The patent filing describes a smart teddy bear that can detect a child's voice and movements, "gaze at the source of the social cue," "interpret the command" via cloud-based servers, then respond by expressing curiosity, tilting its head, furrowing its brow, or scratching its head. The device could also be used to control smart home devices like smart TVs and thermostats. Google notes that the device should be "cute" so that young children will find it "attractive."
A Google-powered super toy would certainly be a fascinating way to introduce kids to technology, but it also conjures up visions of Chucky hijacking smart homes. Are smart toys are entertaining or creepy? Will a market ever exist for them?
Taking toys to the next level
Google has already merged tech with classic toys. Earlier this year, Google and Mattel (NASDAQ:MAT) teamed up to update the latter's classic View-Master with VR technology. The approach was simple: Stuff the same parts used in Google Cardboard into a View-Master to introduce virtual reality environments to children.
Mattel also experimented with the idea of cloud-connected toys by introducing Hello Barbie, a cloud-connected Barbie that can have two-way conversations with kids and download new stories from the Internet. However, a consumer advocacy group accused Mattel of using the dolls as "creepy" data-collecting devices. ToyTalk, which developed the chat technology, notably has a legal policy which states that it can "use, store, and transcribe" the recordings to improve speech recognition and AI algorithms, and use them for "other research and development and data analysis purposes."
A start-up called Elemental Path is also developing similar toys, known as CogniToys, connected to IBM's (NYSE:IBM) AI platform Watson. The company's first toy is a prototype dinosaur made of soft rubber. Elemental Path already raised $275,000 in funding on Kickstarter, easily topping its original goal of $50,000.
The idea of virtual assistants collecting data isn't anything new. Apple's (NASDAQ:AAPL) Siri, Google Now, and Microsoft's (NASDAQ:MSFT) Cortana all "remember" what users ask. Amazon (NASDAQ:AMZN) has been testing out Echo, an always-on speaker that houses Alexa, its cloud-based virtual assistant. But the idea of repackaging these products as toys that gather data from children is disconcerting.
Conflicts of interest
The main problem with connecting toys to the cloud is that companies monetize that data. IBM, Amazon, Microsoft, Google, and other companies are currently locked in an intense battle in the cloud services market to provide companies and marketers with valuable analytics data.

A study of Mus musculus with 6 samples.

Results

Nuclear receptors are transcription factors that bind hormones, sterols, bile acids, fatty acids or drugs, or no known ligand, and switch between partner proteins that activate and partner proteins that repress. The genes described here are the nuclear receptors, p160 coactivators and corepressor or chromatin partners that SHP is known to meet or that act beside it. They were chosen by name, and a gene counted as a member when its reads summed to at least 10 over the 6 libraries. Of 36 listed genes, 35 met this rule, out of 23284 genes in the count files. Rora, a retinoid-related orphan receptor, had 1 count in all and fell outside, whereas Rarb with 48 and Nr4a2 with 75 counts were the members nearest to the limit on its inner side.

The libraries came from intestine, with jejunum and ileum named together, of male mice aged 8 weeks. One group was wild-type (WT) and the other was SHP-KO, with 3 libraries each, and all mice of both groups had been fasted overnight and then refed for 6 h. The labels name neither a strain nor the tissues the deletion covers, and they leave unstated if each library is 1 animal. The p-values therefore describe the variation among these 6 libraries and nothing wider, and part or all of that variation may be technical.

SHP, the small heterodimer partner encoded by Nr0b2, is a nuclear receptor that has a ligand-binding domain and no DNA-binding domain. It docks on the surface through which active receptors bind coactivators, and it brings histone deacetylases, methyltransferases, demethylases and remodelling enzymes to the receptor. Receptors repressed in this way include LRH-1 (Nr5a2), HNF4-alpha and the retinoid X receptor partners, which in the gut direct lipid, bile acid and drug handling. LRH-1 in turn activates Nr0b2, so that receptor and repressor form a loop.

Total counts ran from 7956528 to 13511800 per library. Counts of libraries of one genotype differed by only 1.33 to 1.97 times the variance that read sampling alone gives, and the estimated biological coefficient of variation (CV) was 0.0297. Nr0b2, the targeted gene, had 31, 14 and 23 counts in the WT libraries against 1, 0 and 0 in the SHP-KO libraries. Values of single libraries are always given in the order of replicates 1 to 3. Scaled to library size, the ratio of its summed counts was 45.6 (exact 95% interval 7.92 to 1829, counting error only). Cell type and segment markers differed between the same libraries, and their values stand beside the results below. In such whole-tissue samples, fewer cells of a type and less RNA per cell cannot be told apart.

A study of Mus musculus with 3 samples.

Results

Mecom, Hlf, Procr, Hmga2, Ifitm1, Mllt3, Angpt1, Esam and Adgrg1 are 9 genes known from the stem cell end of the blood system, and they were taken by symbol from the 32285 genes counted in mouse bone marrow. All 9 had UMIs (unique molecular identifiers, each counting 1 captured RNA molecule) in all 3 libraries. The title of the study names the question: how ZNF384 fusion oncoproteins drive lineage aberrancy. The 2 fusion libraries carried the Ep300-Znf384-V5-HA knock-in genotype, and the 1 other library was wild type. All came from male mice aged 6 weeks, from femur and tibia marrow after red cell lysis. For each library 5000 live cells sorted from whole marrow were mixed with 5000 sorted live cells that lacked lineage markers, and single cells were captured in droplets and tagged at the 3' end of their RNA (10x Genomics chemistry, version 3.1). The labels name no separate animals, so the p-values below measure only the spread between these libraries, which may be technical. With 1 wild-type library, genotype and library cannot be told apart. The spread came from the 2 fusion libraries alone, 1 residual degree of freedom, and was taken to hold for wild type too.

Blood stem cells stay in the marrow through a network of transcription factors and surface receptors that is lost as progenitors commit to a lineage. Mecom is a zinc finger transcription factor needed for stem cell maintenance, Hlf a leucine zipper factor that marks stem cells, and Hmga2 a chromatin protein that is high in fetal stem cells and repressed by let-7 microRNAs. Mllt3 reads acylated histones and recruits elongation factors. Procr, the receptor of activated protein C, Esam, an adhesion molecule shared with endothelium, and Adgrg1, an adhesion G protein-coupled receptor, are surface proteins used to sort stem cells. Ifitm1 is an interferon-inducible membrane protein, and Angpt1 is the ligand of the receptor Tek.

IBM and Microsoft are hoping that rising cloud revenues will diversify the top line away from older businesses with slower growth. Amazon's AWS cloud unit, which has an annual run rate of $6 billion, could evolve into a new pillar of growth alongside its core e-commerce business. Analyzing that data could also help Amazon understand users' shopping habits. Google could also improve its targeted ads by accumulating data from cloud-connected objects. All four companies have "predictive analytics" services, which use accumulated data to predict business trends for companies.
Therefore, convincing consumers to accept cloud-connected smart toys -- no matter how cute or cuddly they might be -- could be tough if parents see them as sneaky ways to gather data and monetize their children.
Market growth potential
But if the public warms up to the idea of smart toys, the market might expand along with the Internet of Things (IoT). Cisco estimates that the number of connected devices worldwide will rise from 25 billion this year to 50 billion by 2020. Most of those devices won't be toys, but smart objects and appliances might increase mainstream acceptance of always-on, cloud-connected devices.
Meanwhile, the mainstream toy industry is expected to grow at a steady compound annual growth rate of 4.2% between 2013 and 2018, according to research firm Companies and Markets. If companies like Mattel and Google can merge the IoT and toy markets, toy makers could see fresh interest in aging brands, while cloud-based companies like Amazon and Google could gain new ways to gather data.
Let's not get ahead of ourselves
As fascinating as that idea is, Google likely knows that the world isn't ready for cloud-tethered smart toys. The company already faces constant pressure from privacy and consumer advocacy groups about the "right to be forgotten," and its "don't be evil" image was arguably tarnished by leaked FTC documents which revealed allegations of Google employing anticompetitive practices against rivals.
A Google spokeswoman also recently told BBC that "prospective product announcements should not necessarily be inferred from out patent applications," since only some of those ideas "mature into real products or services." Nonetheless, the fledgling smart toy market offers us a thought-provoking glimpse at a possible future filled with toys keeping watchful eyes on our every move.